Philadelphia Car Accident Lawyers Discuss School Bus Safety
September 7, 2015
The summer days are winding down and soon the familiar sight of big yellow buses will be returning to the roadways. The National Safety Council reports that 25 million students across the U.S. ride in school buses each year. School buses have a solid record for keeping students safe and are reported to be 13 times safer than the family car; it is the safest mode of motorized transportation for school age children.
This being said, it is important to note there are no federal laws requiring seat belts on full sized school buses. The National Highway and Traffic Safety Association (NHTSA) purports the design of the buses keep passengers safe with the thickly padded high back bench seats. They also report the cost of requiring seat belts in all buses will be too great for many communities.
On the other side of the argument for seat belts is the American Academy of Pediatrics, which has supported installing three point harnesses (like the seat belts found in cars) since 1996. Their contention is the design of the seats will not protect the passengers in a rollover bus accident.
With or without seat belts, there are steps school children and drivers should take to make the ride to and from school as safe as possible.
Guidelines for School Bus Safety
Waiting for the Bus
- Stay away from the road and traffic.
- Avoid roughhousing and reckless behavior.
- Stay out of the street, alleys and off private property.
Boarding the Bus
- Line up away from the street as the bus approaches.
- Wait until the bus comes to a full stop and the doors are opened before approaching the bus.
- Use the handrail to enter the bus.
Riding the Bus
- Speak quietly and keep noises to a minimum so you do not distract the driver.
- Stay in your seat.
- Keep arms and head inside the windows.
- Maintain a clear aisle- including books, bags and legs.
- Gather belongings together before reaching your stop.
- Wait for the bus to come to a complete stop before standing up to exit.
Getting Off the Bus
- Look out the back window as you prepare to exit to make sure the cars behind the bus have stopped.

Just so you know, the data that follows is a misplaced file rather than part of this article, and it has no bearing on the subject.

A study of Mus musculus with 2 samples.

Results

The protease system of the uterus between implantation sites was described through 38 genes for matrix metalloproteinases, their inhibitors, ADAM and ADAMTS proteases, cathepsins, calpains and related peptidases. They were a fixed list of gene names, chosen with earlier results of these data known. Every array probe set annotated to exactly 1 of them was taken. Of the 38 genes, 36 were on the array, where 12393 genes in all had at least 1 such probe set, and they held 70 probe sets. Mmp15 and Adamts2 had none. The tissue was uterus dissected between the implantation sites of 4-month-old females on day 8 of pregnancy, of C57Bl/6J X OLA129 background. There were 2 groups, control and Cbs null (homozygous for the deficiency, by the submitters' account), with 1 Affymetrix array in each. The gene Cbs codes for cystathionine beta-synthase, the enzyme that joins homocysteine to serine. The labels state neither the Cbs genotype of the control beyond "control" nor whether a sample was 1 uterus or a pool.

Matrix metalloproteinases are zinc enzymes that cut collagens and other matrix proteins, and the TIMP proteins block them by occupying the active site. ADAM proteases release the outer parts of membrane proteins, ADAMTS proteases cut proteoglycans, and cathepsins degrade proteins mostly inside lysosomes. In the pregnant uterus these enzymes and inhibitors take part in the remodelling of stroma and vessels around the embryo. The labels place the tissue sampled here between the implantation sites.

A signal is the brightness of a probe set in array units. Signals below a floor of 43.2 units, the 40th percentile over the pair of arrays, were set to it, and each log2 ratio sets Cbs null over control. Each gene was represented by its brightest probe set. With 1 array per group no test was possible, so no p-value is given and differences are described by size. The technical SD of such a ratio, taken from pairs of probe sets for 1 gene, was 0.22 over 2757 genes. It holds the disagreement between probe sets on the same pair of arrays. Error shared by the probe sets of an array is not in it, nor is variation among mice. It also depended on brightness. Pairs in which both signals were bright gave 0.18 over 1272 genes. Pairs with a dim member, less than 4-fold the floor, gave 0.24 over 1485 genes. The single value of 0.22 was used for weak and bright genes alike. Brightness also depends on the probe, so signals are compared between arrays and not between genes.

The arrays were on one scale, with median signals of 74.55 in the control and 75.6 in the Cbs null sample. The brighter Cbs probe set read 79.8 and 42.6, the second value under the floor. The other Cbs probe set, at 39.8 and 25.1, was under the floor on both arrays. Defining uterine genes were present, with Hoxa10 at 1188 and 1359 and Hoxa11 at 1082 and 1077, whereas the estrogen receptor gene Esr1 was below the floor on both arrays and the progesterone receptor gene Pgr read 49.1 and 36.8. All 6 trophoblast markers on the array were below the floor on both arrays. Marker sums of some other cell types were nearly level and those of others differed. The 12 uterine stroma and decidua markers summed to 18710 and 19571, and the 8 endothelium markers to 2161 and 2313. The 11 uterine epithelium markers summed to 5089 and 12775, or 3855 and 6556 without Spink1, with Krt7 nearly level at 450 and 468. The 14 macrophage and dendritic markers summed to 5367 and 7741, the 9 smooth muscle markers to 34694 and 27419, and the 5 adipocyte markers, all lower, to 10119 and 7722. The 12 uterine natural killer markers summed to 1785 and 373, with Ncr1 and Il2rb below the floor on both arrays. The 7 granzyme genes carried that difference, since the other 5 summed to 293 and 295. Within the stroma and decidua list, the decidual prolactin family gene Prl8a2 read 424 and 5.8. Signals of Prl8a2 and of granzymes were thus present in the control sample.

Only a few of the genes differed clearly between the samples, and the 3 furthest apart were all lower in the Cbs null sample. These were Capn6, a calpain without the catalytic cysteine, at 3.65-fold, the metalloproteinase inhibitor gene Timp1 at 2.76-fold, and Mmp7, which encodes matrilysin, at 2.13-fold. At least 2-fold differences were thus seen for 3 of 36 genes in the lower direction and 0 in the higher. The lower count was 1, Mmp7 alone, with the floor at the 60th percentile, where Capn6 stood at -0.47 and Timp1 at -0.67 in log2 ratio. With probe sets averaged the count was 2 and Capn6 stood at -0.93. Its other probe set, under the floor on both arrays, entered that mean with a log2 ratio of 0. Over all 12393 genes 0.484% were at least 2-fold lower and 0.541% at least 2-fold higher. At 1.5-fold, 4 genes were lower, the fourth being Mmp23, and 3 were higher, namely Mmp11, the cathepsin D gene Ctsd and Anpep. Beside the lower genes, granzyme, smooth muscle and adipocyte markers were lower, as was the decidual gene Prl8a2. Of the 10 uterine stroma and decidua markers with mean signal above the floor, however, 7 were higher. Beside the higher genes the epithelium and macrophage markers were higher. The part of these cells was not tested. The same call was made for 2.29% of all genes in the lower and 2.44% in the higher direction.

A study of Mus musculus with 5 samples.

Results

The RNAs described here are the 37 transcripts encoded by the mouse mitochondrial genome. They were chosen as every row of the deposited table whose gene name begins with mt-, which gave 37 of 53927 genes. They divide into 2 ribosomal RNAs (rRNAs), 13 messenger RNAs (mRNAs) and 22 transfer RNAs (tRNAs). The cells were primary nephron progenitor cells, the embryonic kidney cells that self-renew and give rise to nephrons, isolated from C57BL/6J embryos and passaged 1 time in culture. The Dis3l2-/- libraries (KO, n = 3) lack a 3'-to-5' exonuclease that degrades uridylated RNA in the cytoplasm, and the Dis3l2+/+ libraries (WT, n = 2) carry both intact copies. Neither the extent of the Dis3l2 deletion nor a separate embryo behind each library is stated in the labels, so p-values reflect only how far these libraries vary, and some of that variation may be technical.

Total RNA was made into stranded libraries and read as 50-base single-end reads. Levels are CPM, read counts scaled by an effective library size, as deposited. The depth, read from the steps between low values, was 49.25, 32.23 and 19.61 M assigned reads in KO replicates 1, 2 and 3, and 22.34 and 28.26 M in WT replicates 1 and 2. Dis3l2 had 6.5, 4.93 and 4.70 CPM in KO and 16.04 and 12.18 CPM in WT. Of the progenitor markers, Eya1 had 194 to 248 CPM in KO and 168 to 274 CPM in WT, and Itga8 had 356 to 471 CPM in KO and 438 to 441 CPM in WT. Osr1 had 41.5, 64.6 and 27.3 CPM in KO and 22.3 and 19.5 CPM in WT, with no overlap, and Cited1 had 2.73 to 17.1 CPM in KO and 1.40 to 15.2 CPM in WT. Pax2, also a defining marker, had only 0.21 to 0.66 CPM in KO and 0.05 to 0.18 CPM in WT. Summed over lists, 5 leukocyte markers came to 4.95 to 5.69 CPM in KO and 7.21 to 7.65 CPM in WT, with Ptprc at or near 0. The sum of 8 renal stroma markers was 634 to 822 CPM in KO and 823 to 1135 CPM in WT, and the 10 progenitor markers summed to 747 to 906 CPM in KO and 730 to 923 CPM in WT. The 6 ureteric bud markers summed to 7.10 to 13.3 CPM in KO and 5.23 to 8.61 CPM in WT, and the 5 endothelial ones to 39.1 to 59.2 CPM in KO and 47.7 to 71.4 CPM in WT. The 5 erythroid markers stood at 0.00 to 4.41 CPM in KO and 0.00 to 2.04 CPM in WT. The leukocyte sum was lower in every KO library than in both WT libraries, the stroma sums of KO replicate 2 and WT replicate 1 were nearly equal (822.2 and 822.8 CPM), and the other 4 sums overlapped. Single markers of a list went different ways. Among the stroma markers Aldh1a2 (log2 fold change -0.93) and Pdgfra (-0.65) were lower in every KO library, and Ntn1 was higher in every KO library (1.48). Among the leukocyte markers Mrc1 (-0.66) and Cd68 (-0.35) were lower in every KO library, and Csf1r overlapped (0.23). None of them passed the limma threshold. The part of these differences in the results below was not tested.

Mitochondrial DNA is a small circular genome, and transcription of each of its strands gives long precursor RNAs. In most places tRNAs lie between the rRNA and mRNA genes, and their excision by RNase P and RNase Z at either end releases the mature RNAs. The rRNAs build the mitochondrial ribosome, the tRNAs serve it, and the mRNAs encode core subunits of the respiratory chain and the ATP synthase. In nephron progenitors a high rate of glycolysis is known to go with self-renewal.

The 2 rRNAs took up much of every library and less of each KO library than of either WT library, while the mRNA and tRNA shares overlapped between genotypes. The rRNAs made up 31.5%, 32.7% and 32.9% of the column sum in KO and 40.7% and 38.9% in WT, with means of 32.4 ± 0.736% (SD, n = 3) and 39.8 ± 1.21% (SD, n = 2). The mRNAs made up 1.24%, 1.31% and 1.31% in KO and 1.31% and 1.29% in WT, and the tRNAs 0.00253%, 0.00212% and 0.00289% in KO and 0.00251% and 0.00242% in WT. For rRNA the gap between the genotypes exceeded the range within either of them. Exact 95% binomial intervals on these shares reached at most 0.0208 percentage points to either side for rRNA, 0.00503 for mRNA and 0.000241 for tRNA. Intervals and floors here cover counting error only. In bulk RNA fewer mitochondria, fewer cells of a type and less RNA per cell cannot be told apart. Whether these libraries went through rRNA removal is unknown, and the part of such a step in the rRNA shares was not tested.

- Use the handrail.
- If you drop something as you exit or outside of the bus, notify the bus driver before retrieving it.
- Cross only in front of the bus and take five giant steps in front of the bus as you do so to ensure the bus driver can see you.
- Make eye contact with the bus driver before you cross in front of the bus and wait for them to signal for you it is ok to cross.
- As you prepare to cross the street, look left, right, and left again.
- Stay away from the rear of the bus at all times, especially the wheels.
Driving Near School Buses
- Be alert during the hour before and hour after school when school buses are picking up and dropping off children.
- Always stop for a bus when it has its lights flashing and look for children boarding and exiting the bus. It is the law.
The biggest danger to children is when boarding and exiting the bus. With extra vigilance in every community, more school children can be kept safe.
Philadelphia Bus Accident Lawyers at Nerenberg Law Associates, P.C. Help Victims of Vehicle Crashes
If you or someone you love has been involved in a bus accident, contact the experienced bus accident lawyers at Nerenberg Law Associates, P.C. Call 215-569-9100, for a no obligation free consultation with one of our car accident lawyers, or contact us online. With our offices located in Center City Philadelphia, we serve clients in the Philadelphia area and Montgomery County, Delaware County, Bucks County and Chester County, as well as in New Jersey.